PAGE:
Son of rancher in public land dispute arrested by BLM

LAS VEGAS (KSNV -- A son of Mesquite rancher Cliven Bundy has been arrested by Bureau of Land Management rangers.

Dave Bundy was arrested at 4:30 p.m. Sunday as he was in a car parked along State Route 170 near Mesquite.

"He was there to do some filming when about 11 federal agents pulled up and arrested him," Clive Bundy told News 3. "They said he was outside of the First Amendment area and they took him down. We don't know where he is now."

The BLM confirmed the arrest in an emailed statement:

"An individual is in custody in order to protect public safety and maintain the peace," BLM spokeswoman Kirsten Cannon wrote. "The individual has rights and therefore details about the arrest will not be disclosed until and unless charges are filed."

Cliven Bundy is embroiled in a dispute with the BLM and National Park Service over the court-ordered removal of his cattle from 1,200 square miles of northeast Clark County. The cattle have been grazing on public land for more than 20 years since his grazing permit was revoked in 1993.

Contracted cowboys removed 58 head of cattle Sunday in addition to the 75 impounded Saturday. The government's plan is to have all cattle removed within 30 days.

Most of 600,000 acres of public land in the northeast part of the county has been temporarily closed to the public during the impound; the removal operation is being conducted by contracted cowboys from a company in Utah.

The First Amendment areas are designated by the government for people to express their free speech rights about the subject.

Small protests were held Saturday morning on one of the areas and another was held in Mesquite.

Earlier Saturday, one of Bundy's daughter's was "harassed" by five BLM rangers while she was parked along the same road. Bundy said they threatened to give Stephey Cox several tickets and take her to court.

He said Cox told the BLM rangers they did not have jurisdictional or arrest powers.

"But what was bad is there was a Nevada State Highway trooper within about a hundred feet of all this action and he didn't come to help her," Bundy said. "She said I will recognize his (the trooper's) jurisdictional authority if he would just come and tell me to move or whatever and he would not come and so they harassed her for quite awhile."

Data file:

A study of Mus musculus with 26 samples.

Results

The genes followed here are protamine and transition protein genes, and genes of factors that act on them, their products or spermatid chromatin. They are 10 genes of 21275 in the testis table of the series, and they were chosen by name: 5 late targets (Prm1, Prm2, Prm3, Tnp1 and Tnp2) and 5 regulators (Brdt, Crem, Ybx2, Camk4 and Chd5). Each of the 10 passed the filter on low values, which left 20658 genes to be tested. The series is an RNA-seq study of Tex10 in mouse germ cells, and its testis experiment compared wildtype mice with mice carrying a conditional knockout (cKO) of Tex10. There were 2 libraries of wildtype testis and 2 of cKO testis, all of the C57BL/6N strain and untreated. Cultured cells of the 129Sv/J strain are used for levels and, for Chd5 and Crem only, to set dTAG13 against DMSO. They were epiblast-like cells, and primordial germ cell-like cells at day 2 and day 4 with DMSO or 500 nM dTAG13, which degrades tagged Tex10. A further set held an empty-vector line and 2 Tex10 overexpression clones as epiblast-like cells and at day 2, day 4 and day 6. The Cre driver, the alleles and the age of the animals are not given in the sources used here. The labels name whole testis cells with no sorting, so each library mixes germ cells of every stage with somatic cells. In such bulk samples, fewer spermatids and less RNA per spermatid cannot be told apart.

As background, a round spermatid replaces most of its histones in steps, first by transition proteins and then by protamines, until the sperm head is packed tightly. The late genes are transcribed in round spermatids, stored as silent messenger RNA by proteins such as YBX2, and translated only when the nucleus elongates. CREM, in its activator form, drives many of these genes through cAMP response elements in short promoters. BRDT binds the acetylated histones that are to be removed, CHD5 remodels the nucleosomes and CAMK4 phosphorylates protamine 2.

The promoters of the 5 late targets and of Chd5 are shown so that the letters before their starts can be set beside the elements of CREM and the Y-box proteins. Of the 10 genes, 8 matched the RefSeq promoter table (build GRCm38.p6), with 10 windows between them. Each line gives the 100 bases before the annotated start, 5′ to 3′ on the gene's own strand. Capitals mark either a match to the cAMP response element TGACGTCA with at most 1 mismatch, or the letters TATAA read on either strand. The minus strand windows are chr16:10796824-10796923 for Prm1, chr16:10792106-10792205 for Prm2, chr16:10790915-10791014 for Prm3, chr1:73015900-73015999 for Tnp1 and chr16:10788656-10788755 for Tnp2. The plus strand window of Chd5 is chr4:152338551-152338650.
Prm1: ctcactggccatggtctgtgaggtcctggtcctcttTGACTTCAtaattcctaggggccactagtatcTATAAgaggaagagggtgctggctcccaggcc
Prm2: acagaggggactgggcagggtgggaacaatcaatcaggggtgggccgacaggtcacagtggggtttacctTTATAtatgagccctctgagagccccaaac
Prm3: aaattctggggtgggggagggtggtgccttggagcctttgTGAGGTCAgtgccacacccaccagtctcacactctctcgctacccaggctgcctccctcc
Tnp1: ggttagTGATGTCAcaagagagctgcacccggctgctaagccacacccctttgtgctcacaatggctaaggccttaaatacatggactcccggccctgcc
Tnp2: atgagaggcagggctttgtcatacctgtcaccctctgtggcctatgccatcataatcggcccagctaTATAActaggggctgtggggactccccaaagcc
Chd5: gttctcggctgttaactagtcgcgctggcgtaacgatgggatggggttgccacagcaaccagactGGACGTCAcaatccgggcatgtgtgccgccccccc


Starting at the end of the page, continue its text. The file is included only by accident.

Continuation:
Bundy told News 3 that he hopes that Clark County Sheriff Doug Gillespie will step in and end the dispute and confiscation of his cattle.

"The federal government has no jurisdiction or authority here," Bundy said. "The sheriff has unlimited constitutional authority, arresting and policing powers and all he has to do is say no and this thing would be over. Those people would back out and move out of here."

Bundy said he was considering a possible lawsuit as another course of action.

He did not make any more physical threats such as he made Saturday, but he did compare the action to Ruby Ridge and Waco, Texas, where citizens were killed in confrontations with the federal goverment.

"They are the same agents who killed that kid over at Red Rocks," Bundy said, referring to the Feb. 14 fatal shooting of a 20-year-old by two BLM rangers.

In a Sunday afternoon news conference call, Lake Mead National Recreation Area spokeswoman Christie Vanover, said the government's hopes violence will be avoided.

"We support everyone's rights to express themselves lawfully and peacefully, but when threats are made that could jeopardize the safety of the American people, the contractor and our personnel, we have the responsibility to provide law enforcement to account for their safety."

Vanover said the cost of the impoundment action won't be know until the event is concluded. Some estimates have placed it as high as $3 million.